One of the most exciting areas of research into pregnancy complications in recent years has to do with the Maternal-Fetal Conflict. First proposed by David Haig, it has to do with the idea that mother and child have different survival needs.
|Picture taken from Wikipedia|
From a purely biological perspective, the goal of reproduction is to pass on your genetic material. For the father, and therefore the placenta, the bigger the baby, the better the chances of survival. As far as the placenta is concerned, a 100 pound baby sounds awesome. Thus, the placenta digs deep into the uterus, shunting crucial nutrients and oxygen from the mother's blood supply to the baby.
The mother, on the other hand, wants a baby big enough to survive BUT small enough to fit through the birth canal so that she, too, can survive to reproduce again. Our bodies are amazing and can expand to birth an 8, 10, even 12 pound baby. But let's face it--a 100 pound baby simply isn't going to fit. Thus, the mother must limit the placenta in some way to ensure her own survival. The mother's immune system attacks the placenta as a foreign invader, preventing it from attaching too well and from comandeering too many nutrients.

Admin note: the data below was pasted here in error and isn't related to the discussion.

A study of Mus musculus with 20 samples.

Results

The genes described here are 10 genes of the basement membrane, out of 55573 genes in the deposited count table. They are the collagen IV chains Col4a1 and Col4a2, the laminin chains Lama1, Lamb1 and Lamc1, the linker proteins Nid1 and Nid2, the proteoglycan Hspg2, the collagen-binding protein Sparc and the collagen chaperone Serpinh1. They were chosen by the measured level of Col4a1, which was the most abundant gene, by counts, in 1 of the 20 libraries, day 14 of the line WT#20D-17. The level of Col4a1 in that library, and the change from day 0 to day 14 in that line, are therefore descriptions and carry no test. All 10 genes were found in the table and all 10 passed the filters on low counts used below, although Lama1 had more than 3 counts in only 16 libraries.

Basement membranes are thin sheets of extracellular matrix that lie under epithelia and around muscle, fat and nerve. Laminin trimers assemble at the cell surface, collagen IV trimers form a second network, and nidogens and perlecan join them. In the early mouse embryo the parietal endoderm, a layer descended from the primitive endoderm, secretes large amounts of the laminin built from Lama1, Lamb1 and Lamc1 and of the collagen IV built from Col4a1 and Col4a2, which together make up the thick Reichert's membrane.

It's a very delicate balance to grow a baby that is big enough but not too big. Dr. Haig suggests a normal pregnancy is like a tug of war: both sides are pulling on the rope, but the ribbon in the middle doesn't move if each side pulls equally. However, if one side starts to win the tug of war, if the survival of the other side is threatened, it will employ strategies to keep itself safe. He theorized that the fetus must be sending some signal to the mother that triggers the cascade of symptoms known as preeclampsia. This theory was confirmed by another doctor, kidney specialist Ananth Karumanchi, who discovered elevated levels of a protein called sFlt1 in women with preeclampsia.
Tomorrow I plan to explore the role of sFlt1 in preeclampsia.